In case you haven’t noticed, 2014 is on pace to become the greatest passing season in NFL history. Which may not be surprising, since just a few months ago, the three best passing seasons in NFL history were the 2012, 2011, and 2013 seasons. Falling into fifth place will be the… 2010 NFL season. So passing numbers are on the rise, but you already knew that.
Through week 13 of the 2014 season, the NFL average Adjusted Net Yards per Attempt — defined as gross passing yards, plus 20 yards for every touchdown pass, minus 45 yards for every interception, and minus sack yards, all divided by the total number of pass attempts plus sacks — was at 6.26. Most passing statistically typically take a trip south in December (and prior to SNF, the week 14 average was 5.85), but 6.26 would be a significant outlier even in our high-flying times. The graph below shows the NFL average ANY/A for each season since 1950. Of course, we are doing a bit of apples-to-oranges comparisons by using full season numbers for all years and through-13-weeks numbers for 2014, but so be it:
Obviously ANY/A spiked after the 1978 rules changes, and has been steadily increasing over the last 35 years. But 2014 — depending on what happens in December — has the chance to mark another large increase in passing efficiency.
Since ANY/A is a combination of many statistics, it’s natural to wonder what exactly is driving the increase in ANY/A. Let’s first look at generic yards per attempt: i.e., gross passing yards divided by pass attempts (excluding sacks). While the peak Y/A was in the early ’60s (this if NFL-only data, so the AFL numbers are not included), the 2014 season stands out relative to recent years:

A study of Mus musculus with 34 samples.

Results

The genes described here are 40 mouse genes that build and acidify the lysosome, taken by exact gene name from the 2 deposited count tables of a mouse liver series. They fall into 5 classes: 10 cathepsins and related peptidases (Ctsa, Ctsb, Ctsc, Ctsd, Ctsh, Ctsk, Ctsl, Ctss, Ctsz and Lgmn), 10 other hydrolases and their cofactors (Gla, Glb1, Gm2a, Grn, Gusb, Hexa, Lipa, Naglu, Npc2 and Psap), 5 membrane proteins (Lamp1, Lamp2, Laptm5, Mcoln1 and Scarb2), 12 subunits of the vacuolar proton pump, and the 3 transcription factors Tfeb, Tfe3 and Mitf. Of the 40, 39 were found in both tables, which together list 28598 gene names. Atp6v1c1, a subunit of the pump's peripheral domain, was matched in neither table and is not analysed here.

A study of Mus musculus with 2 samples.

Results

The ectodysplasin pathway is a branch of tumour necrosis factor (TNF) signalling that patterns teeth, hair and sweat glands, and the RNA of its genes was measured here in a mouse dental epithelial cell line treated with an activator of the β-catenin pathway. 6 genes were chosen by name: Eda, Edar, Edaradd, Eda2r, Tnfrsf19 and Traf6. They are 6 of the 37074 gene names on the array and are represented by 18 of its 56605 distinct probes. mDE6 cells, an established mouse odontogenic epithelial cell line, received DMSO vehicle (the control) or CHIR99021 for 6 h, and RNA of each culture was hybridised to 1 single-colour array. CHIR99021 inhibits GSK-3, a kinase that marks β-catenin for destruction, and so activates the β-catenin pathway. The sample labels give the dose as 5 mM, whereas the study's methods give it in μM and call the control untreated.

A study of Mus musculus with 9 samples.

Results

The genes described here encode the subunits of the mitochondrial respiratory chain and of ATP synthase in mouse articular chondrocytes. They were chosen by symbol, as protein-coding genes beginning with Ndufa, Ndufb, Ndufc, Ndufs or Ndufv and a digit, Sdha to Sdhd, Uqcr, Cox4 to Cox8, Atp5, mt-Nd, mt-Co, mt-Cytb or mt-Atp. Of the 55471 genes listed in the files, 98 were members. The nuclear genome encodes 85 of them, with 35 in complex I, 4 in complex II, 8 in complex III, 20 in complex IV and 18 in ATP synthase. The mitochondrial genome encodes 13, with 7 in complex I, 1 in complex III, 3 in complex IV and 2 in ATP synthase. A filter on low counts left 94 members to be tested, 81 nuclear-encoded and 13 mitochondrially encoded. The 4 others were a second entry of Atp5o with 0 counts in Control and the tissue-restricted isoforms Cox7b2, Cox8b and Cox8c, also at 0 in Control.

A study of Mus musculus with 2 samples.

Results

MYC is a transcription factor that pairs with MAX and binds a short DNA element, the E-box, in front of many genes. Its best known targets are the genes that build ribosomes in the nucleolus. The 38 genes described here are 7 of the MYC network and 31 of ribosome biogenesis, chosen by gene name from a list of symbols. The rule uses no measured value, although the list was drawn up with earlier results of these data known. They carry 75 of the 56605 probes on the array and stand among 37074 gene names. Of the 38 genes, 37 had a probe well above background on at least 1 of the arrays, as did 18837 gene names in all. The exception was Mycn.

Why has yards per attempt increased? Well, yards per attempt is the product of two other statistics: completion percentage and yards per completion. Here’s a look at completion percentage over time:
The 2014 season is set to smash the completion percentage record of 61.2%, set last year. Through thirteen weeks, teams are completing an incredible 63.0% of passes. But while a higher completion percentage often leads to a lower yards per completion average, that hasn’t really been the case this year. Take a look:
So teams are completing passes at an insanely high rate, but yards per catch averages aren’t dropping by a commensurate rate; as a result, yards per attempt is high. But what about the other parts of ANY/A?
Relative to 2013, the sack rate has declined from 6.7% to 6.1%; that’s a sizable difference, and one reason why ANY/A has increased this year. But in general, the 2014 sack rate is not a big outlier relative to other recent seasons:
On the other hand, quarterback interception rate looks to set yet another new low. This is the metric that has seen the steadiest pro-offense change over the last few decades, and 2014 continues that trend:
But what might be the most interesting is the change in touchdown rate. Take a look:
This is pretty surprising, and not something you have heard much about. Consider: in every year in the sixties, the NFL average was at least 4.6 touchdown passes per 100 attempts. That level was never reached from 1970 to 2013, but through 13 weeks in 2014, the rate was 4.7 touchdowns per 100 throws. That’s kind of incredible, isn’t it?
A quick thought as to a possible explanation would be that teams are throwing more often near the goal line, and plays that used to be a rushing touchdown are now passing touchdowns. I haven’t crunched the numbers on the average length of touchdown passes this year, but I will note that rushing touchdowns per game are slightly down, so that jives with that hypotheses.
Completion percentage is through the roof in 2014, as the short-passing game has dominated the NFL. But yards per completion hasn’t dropped much at all, which has led to an increase in yards per attempt. Throw in small improvements in both sack rate and interception rate, plus a large increase in touchdown rate, and it all adds up to a big improvement in ANY/A. We’ll have to check back in the off-season to see where the final 2014 season numbers.